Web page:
Space isn't easy on humans. Some aspects are avoidable—the vacuum, of course, and the cold, as well as some of the radiation. Astronauts can also lose bone density, thanks to a lack of gravity. NASA has even created a fun acronym for the issues: RIDGE, which stands for space radiation, isolation and confinement, distance from Earth, gravity fields, and hostile and closed environments.
New research adds to the worries by describing how being in space destroys your blood. Or rather, something about space—and we don't know what just yet—causes the human body to perform hemolysis at a higher rate than back on Earth.
This phenomenon, called space anemia, has been well-studied. It's part of a suite of problems that astronauts face when they come back to terra firma, which is how Guy Trudel—one of the paper's authors and a specialist in physical medicine and rehabilitation at The Ottawa Hospital—got involved. "[W]hen the astronauts return from space, they are very much like the patients we admit in rehab," he told Ars.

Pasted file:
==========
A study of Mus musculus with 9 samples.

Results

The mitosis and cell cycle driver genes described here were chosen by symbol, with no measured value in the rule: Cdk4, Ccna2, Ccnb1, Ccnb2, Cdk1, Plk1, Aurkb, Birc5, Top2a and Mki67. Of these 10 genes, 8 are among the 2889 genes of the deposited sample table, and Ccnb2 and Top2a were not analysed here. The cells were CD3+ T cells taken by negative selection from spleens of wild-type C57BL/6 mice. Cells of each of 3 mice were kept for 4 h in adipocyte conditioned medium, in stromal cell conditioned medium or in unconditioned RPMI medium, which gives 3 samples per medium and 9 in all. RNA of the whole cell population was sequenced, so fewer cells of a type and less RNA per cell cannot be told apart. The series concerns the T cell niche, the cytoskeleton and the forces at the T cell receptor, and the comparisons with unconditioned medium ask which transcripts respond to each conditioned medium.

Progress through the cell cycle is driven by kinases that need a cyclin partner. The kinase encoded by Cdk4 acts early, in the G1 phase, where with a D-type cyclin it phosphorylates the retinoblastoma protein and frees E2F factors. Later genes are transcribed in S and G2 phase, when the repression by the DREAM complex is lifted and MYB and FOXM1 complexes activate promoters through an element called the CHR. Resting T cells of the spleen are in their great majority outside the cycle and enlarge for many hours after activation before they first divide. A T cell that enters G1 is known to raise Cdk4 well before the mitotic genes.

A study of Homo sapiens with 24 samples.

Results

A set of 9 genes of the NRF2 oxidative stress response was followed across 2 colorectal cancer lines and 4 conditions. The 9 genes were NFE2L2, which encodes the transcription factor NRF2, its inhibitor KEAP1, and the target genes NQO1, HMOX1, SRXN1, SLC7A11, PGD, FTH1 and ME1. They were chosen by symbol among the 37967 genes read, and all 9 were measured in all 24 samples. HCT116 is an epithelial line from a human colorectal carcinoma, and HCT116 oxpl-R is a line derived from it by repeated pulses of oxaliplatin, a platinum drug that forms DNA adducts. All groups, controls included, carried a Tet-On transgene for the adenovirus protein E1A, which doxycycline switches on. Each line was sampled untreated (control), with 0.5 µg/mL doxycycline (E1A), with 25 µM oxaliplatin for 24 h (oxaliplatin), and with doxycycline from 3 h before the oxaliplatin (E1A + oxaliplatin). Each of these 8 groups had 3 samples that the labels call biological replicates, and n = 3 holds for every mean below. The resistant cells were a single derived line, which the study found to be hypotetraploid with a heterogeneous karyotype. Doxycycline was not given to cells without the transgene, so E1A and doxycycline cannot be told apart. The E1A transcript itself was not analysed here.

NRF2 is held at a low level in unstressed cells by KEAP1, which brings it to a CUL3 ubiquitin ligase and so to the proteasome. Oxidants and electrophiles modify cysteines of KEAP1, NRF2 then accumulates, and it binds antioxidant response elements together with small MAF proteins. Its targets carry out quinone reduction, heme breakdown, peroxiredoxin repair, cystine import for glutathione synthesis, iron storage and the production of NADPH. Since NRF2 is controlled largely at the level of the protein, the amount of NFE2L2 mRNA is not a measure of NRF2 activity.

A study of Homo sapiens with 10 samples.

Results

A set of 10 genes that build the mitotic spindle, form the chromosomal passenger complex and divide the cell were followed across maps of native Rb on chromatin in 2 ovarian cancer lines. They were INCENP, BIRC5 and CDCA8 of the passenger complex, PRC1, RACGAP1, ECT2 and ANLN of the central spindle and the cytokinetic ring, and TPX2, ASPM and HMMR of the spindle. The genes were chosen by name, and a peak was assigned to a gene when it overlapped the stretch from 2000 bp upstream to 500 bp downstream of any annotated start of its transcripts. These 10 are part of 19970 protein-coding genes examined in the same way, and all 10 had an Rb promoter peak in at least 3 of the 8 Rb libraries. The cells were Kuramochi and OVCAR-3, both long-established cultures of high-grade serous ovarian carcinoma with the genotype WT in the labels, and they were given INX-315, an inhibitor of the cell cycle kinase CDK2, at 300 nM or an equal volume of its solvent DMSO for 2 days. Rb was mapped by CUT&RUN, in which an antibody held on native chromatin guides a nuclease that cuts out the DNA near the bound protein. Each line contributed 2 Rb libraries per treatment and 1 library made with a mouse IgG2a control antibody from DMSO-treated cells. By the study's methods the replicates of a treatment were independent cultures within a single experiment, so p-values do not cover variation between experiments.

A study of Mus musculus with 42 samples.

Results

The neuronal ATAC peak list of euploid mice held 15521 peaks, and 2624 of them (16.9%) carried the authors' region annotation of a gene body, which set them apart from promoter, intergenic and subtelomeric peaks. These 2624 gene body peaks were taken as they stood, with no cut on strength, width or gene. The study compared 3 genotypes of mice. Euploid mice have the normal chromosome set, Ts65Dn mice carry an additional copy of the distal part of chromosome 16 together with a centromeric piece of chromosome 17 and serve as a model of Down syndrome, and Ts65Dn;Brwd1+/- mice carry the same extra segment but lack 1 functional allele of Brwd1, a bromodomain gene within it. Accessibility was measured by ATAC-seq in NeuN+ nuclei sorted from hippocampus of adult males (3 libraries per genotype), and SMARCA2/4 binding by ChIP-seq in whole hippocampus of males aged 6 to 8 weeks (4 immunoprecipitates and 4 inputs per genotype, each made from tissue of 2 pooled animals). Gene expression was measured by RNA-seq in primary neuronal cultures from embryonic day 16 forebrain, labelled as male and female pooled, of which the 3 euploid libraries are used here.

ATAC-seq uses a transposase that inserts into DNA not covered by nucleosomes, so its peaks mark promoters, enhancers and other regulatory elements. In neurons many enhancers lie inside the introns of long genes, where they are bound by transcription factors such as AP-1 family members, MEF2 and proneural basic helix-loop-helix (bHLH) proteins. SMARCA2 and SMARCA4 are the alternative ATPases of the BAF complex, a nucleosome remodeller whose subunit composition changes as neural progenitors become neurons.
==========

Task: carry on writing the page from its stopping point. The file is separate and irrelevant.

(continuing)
Space anemia had been viewed as an adaptation to shifting fluids in the astronauts' upper bodies when they first arrive in space. They rapidly lose 10 percent of the liquid in their blood vessels, and it was expected that their bodies destroyed a matching 10 percent of red blood cells to get things back into balance. People also suspected that things went back to normal after 10 days. Trudel and his team found, however, that the hemolysis was a primary response to being in space. "Our results were a bit of a surprise," he said.